When Athan Gadanidis was diagnosed with prostate cancer in October of 2018, he took part in a pilot study at the University of Athens that looks into the potential of oleocanthal-rich olive oil to treat his condition.
“Actually the pilot treatment originated with me, I began it, it was my idea,” Gadanidis told the Greek Reporter. “What prompted me to do it is that the biopsy showed that the cancer was aggressive, and the standard protocol for this is anti-androgen therapy — which is actually chemical castration.”
Gadanidis has been working in the field of olive oil research for the last seven years, ever since the Health Claim Regulation Act came into effect in 2012. This regulation created a new category of olive oil which is based on the amount and concentration of polyphenols it contains. Polyphenols can be found in “agoureleo,” an early harvest olive oil which is rich in these substances.
The Greek-Canadian man maintains that this is actually the medicinal-quality olive oil which Dioscorides and Hippocrates wrote about 2,500 years ago.
Gadanidis has been treated naturally ever since his diagnosis, aside from two emergency anti-androgen injections.
Through his research in the olive oil industry in Greece, Gadanidis met Dr. Prokopios Magiatis and Dr. Eleni Melliou at the University of Athens, the scientists who discovered the method for quickly and accurately measuring polyphenols using Nuclear Magnetic Resonance equipment.
This method is responsible for accelerating research into olive oil phenolic compounds by allowing the rapid testing of different olive oils. Through this method, the researchers discovered that the oleocanthal type of oil was the most powerful of them all because of its anti-inflammatory qualities. The doctors even believe it can cure the dreaded disease of cancer, killing cancer cells without harming healthy cells.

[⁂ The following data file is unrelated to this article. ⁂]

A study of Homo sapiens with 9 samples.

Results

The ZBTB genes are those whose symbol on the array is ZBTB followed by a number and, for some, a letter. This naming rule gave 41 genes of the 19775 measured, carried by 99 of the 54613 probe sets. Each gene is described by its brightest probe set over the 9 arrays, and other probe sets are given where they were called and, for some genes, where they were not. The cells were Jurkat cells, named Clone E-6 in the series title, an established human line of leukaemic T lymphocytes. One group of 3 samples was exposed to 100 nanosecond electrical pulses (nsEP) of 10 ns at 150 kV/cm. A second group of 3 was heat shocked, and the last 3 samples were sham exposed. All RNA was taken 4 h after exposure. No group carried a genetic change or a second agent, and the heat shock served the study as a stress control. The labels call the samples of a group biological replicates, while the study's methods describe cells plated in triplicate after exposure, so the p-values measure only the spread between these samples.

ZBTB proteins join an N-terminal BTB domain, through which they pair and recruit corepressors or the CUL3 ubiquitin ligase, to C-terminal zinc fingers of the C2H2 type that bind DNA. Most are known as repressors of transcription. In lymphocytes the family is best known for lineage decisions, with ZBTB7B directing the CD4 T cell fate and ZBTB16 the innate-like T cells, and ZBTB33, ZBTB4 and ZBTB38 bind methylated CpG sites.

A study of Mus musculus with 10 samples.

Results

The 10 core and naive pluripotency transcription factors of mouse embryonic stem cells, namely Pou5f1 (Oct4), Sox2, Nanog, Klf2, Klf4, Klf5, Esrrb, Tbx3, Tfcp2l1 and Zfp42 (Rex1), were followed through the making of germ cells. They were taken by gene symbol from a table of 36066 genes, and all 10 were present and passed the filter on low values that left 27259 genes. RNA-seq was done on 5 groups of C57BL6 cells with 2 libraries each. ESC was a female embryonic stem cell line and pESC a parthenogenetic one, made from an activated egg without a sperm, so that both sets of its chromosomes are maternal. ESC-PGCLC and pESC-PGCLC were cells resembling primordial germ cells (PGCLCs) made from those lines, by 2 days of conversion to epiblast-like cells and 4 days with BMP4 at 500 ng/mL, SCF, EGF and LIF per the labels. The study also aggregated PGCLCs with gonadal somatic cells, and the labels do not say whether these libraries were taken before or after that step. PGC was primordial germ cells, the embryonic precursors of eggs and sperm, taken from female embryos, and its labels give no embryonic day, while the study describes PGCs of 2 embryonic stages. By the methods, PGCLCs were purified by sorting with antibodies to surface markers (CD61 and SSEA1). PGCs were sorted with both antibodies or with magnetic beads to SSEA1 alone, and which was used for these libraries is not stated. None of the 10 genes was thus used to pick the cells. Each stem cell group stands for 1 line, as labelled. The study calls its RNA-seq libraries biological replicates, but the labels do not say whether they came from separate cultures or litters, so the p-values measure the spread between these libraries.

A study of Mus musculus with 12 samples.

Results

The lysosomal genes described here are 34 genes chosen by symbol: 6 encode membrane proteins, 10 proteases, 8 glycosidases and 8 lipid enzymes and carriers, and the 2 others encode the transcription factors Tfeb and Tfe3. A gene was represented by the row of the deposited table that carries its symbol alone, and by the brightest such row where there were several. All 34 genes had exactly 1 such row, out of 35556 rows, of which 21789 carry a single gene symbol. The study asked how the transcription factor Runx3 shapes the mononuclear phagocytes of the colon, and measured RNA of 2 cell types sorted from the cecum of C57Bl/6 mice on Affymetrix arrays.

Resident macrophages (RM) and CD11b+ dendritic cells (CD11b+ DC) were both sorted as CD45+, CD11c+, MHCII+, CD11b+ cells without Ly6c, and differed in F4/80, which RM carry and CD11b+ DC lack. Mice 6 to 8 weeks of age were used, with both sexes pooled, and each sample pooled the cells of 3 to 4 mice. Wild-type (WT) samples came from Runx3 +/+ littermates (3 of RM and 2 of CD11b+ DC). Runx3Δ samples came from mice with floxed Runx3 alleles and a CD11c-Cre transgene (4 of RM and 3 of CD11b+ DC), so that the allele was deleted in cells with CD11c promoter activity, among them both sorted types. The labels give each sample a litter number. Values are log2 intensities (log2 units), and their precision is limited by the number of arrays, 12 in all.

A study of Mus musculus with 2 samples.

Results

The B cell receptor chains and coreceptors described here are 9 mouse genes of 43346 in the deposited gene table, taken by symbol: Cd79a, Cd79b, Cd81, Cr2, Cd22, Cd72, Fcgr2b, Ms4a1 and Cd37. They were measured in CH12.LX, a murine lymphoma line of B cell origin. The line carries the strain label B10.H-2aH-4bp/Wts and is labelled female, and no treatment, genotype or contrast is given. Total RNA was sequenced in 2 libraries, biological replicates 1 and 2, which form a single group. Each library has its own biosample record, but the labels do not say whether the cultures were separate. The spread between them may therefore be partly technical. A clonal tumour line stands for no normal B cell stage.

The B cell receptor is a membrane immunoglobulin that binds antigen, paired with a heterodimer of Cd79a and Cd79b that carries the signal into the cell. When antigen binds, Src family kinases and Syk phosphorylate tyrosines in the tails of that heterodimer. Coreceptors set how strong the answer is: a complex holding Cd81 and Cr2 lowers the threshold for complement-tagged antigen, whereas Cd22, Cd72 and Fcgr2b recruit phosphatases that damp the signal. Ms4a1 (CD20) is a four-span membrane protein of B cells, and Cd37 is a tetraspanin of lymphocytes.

For the last nine months, Gadanidis has been drinking approximately 60 grams of high-phenolic olive oil per day. He is also preparing to receive an injection of pure oleocanthal olive oil directly into his prostate in the next three months.
He says that he needs to do this and observe the results before he can go on to the next stage of decision making in his cancer treatment.
Because Gadanidis believes that the results of the study will be groundbreaking, he has set up a GoFundMe campaign, called the “Prostate Cancer Pilot Study,” to raise money for further scientific research.
One of the scientists running the study, Dr. Eleni Melliou, told the Greek Reporter that she and her colleague will be supplying the pure oleocanthal oil to the doctors who will be treating Gadanidis.
Melliou explained “We have also performed clinical trials indicating that ingesting high oleocanthal olive oil kills cancer cells in the bloodstream. The results of an ongoing clinical study in Greece on patients in the initial stages of chronic lymphocytic leukemia have shown that after two years, the white blood cell count had declined in these patients without having undergone any chemotherapy.”
The university team analyzed 2,500 samples of olive oil from Greece, Spain, Italy, Croatia and Cyprus for phenolic compounds last year as part of a European project named “Aristoil.” After screening the samples, they found that the Greek olive oil is higher in oleocanthal properties, due to its different varieties as well as soil and environmental conditions.
As encouraging as the results are for their research on the health benefits of Greek olive oil, especially for cancer, Dr. Melliou and her partner Dr. Magiatis had seriously considered moving to the United States not only for financial reasons; more importantly, it was because the scientists have suffered academic bullying and contempt.
To them, it has even felt as if Greek academia had declared war on them in relation to their research.
However, Dr. Melliou told the Greek Reporter that they not only still insist on working in Greece, they hope to offer increased value to olive oil through the nonprofit organization “World Olive Center for Health,” which was established in Athens in 2017 in collaboration with academics from Europe and the US.